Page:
Some dancers considered rumba the most erotic and sensual Latin dance, for its relatively slow rhythm and the hip movement. Rumba is actually the second slowest Latin dance: the spectrum runs bolero, rumba, cha-cha-cha, mambo in order of the speed of the beat.
Afro-Cuban rumba is entirely different than the ballroom rumba. Ballroom rumba derives its movements and music from son, just as the salsa and mambo. When son was brought to the United States it was renamed rumba. It is thought that this occurred due to the name rumba being more exotic and more marketable than Sòn.
Prohibition in the United States caused a flourishing of the relatively tolerated cabaret American rumba, as American tourists flocked to see crude sainetes (short plays) which featured racial stereotypes and generally, though not always, rumba.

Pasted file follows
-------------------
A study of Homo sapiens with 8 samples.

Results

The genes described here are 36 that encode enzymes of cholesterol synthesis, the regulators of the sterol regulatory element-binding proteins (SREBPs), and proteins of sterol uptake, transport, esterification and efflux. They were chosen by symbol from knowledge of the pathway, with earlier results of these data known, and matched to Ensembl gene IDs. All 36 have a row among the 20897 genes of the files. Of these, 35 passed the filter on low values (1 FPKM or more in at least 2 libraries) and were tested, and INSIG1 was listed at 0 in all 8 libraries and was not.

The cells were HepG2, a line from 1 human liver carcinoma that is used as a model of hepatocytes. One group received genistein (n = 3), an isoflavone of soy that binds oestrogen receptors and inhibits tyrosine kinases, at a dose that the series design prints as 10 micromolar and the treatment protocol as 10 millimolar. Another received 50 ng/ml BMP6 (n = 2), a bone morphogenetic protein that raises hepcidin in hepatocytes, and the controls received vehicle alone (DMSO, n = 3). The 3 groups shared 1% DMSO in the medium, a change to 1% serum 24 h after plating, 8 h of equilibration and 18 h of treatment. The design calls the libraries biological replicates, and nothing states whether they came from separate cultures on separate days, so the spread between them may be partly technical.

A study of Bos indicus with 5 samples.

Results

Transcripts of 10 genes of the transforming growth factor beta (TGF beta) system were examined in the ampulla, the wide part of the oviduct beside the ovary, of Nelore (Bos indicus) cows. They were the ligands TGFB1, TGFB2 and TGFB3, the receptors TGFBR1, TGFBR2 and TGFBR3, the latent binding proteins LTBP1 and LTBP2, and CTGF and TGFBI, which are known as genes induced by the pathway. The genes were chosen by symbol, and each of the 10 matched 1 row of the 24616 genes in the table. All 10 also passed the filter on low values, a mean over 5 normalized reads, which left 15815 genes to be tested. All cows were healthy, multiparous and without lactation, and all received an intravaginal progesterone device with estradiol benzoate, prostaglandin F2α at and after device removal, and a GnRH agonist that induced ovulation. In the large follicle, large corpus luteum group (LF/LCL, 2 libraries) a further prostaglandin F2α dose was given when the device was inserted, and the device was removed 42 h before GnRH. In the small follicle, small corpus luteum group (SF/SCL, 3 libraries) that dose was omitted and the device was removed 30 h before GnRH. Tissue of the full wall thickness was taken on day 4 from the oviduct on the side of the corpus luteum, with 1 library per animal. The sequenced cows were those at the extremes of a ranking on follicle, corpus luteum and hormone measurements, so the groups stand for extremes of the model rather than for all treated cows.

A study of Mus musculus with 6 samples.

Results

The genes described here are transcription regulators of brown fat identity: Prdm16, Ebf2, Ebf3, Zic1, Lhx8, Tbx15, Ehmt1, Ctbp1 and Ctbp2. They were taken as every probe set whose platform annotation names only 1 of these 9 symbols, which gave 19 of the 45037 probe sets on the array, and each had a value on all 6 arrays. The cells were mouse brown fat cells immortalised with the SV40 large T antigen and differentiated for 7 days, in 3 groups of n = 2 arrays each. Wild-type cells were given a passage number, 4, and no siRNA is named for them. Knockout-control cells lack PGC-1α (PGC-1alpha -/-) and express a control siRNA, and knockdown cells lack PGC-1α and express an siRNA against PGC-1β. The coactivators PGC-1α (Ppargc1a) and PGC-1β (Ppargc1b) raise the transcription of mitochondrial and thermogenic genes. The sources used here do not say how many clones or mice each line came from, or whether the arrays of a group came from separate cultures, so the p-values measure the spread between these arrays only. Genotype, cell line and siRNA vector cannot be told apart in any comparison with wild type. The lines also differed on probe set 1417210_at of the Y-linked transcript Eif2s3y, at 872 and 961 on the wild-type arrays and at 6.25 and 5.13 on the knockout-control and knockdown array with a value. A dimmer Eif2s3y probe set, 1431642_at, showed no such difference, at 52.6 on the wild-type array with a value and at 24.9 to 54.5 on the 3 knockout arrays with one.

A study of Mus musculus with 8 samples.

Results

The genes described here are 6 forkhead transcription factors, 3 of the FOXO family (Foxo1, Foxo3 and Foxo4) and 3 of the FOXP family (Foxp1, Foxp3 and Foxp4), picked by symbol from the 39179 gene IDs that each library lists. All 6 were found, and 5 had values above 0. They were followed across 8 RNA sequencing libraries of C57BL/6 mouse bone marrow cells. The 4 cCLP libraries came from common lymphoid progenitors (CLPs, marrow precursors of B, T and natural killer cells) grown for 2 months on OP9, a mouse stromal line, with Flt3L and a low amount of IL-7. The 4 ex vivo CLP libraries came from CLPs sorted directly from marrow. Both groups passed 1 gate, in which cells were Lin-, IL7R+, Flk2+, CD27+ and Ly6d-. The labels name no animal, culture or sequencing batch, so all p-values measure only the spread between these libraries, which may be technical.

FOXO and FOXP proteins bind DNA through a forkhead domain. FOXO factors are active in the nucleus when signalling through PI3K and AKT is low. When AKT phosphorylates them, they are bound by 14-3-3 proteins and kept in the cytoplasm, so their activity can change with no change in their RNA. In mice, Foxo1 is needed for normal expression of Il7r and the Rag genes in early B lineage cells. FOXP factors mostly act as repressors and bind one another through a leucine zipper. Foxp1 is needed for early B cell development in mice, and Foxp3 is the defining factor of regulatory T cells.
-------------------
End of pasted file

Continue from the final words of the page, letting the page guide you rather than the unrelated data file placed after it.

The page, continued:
American rumba is thought to have contributed to the origin of the cha-cha-cha, and indeed most figures (if not all, somehow) can be reinterpreted in cha-cha-cha.
This kind of rumba was introduced into American dance salons at the beginning of the 20th century, characterized by high tempo, nearly twice as fast as the modern ballroom rumba, typical examples being the tunes The Peanut Vendor and Siboney.
American style rumba is characterized by the Cuban hip motion or hip sway arising from the bending and straightening of the knee, as opposed to Latin hip motion stepping on a straight leg, which is used in international style rumba.
Additionally, the same move in terms of footwork often goes by a different name in American versus international.